Schumer Moves On Flood Insurance And Grants
On April 5th, The Wave ran its second in a series of special editorials on its front page and drew attention to the Community Development Block Grants (CDBG).
In that editorial The Wave informed readers that some money would be coming to help homeowners rebuild or even elevate their homes by way of these grants. But, readers were warned, there were built-in hurdles in the process.
The guidelines to get grant money are established by a federal agency, the Department of Housing and Urban Development (HUD). Many homeowners will soon learn that the actions of two other federal agencies – FEMA and the Small Business Administration (SBA) – will effectively prevent them from getting grants.
Routinely, FEMA instructed people whose homes were damaged to apply for an SBA loan. A lot of people did as they were told.
And then a lot of people found out that it was a waste of time. Homeowners who had good credit or not much debt were offered rates no better than a bank. A lot of people said thanks, but no thanks, and turned down the loan. Others were approved for the loan but decided they had enough debt already and therefore declined the SBA offer.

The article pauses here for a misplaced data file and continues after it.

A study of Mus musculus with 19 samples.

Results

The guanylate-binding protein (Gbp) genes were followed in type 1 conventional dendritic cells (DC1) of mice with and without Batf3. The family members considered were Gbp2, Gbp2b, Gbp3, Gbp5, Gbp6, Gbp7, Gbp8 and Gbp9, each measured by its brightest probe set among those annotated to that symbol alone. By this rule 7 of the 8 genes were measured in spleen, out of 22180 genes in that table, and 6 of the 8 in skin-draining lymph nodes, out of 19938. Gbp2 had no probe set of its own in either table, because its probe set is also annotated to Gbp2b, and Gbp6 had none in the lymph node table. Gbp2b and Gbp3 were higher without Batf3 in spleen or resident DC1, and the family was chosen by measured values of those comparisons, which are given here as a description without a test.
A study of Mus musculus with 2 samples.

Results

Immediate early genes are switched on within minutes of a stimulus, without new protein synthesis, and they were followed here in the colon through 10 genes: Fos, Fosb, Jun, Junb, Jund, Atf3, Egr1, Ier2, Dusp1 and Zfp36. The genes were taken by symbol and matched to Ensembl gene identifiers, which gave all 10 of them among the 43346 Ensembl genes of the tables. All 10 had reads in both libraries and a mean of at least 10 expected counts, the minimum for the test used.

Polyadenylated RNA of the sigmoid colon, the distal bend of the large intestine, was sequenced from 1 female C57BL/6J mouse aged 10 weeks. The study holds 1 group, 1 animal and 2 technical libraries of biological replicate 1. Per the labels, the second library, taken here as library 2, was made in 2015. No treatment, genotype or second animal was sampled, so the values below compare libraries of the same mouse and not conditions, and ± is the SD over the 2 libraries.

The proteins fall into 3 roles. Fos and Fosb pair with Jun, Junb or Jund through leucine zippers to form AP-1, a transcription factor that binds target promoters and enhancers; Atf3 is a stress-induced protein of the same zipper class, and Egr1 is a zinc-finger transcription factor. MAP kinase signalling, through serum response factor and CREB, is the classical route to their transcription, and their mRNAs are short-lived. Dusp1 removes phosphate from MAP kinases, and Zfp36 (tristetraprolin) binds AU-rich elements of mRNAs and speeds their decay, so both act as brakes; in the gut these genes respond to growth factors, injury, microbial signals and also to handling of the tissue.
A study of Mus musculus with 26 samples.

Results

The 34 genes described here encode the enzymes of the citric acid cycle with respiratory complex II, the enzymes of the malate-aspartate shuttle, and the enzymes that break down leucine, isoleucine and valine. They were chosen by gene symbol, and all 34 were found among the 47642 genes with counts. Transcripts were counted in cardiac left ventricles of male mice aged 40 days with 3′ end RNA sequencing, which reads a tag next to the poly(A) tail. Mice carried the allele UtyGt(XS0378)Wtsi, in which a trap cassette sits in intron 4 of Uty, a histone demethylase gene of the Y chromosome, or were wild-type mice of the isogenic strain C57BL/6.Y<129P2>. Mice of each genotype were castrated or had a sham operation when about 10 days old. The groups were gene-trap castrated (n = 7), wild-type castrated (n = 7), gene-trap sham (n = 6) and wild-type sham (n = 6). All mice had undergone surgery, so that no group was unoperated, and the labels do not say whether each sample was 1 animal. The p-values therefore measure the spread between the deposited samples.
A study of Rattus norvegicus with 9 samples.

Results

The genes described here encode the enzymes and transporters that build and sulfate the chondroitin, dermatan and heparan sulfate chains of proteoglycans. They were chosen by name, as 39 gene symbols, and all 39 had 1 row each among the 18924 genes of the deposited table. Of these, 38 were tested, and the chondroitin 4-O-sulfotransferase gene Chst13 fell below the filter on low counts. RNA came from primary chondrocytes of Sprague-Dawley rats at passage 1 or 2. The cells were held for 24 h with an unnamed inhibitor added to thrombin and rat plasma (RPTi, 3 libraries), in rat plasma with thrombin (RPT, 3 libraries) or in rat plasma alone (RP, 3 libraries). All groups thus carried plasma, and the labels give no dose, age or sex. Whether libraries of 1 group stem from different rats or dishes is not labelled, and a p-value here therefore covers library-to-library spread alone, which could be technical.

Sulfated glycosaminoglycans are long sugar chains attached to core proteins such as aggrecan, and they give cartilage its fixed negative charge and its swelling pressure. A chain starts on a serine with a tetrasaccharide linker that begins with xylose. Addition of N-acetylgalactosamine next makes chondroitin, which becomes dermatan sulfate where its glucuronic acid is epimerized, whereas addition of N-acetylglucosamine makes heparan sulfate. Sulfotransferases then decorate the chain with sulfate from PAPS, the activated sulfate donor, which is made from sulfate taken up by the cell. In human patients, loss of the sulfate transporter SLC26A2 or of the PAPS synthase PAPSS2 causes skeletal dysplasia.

Therein lies the issue. HUD considers the SBA offer a benefit and counts the amount offered against any potential grant money.
Here’s an example: A homeowner needs $100,000 to fix his home. If FEMA gave $30,000 and the SBA loan offer was for $70,000, that counts as $100,000. In such a case, there is little chance any CDBG grant would be offered.
Take two people in similar situations (similar income, similar damage). The people who ignored FEMA and did not apply for the SBA loan are more likely to get grant money from the CDBG. As a city official told us, “Bad behavior is being rewarded.”
Of course, some argue it’s not “bad behavior” but smart behavior. If you were smart enough to ignore FEMA and dismiss the SBA, you’re more likely to be rewarded.
But for those who followed FEMA and are now being told the SBA loan numbers are being held against you, well, Senator Charles Schumer seems to have noticed.
According to Schumer’s office, the Senator called HUD Secretary Shaun Donovan and made the case that the HUD rules were unfair and should be changed. In a press release, Schumer said the SBA loan “should not count as a benefit that limits the amount of CDBG a homeowner receives when the homeowner declined to accept that loan for legitimate reasons.” Schumer went on to say, “This policy will punish these homeowners and HUD should do everything in it power to make sure these individuals are eligible for additional federal assistance.” According to the release, Schumer’s plea is under consideration and, so far, HUD has not released money to the City for the grants.
In order for the City to receive federal funds under CDBG it was required to submit a plan to HUD about how the monies would be spent. HUD has approved the State plan (which gets a separate pool of money from HUD) but has not yet approved the City’s plan.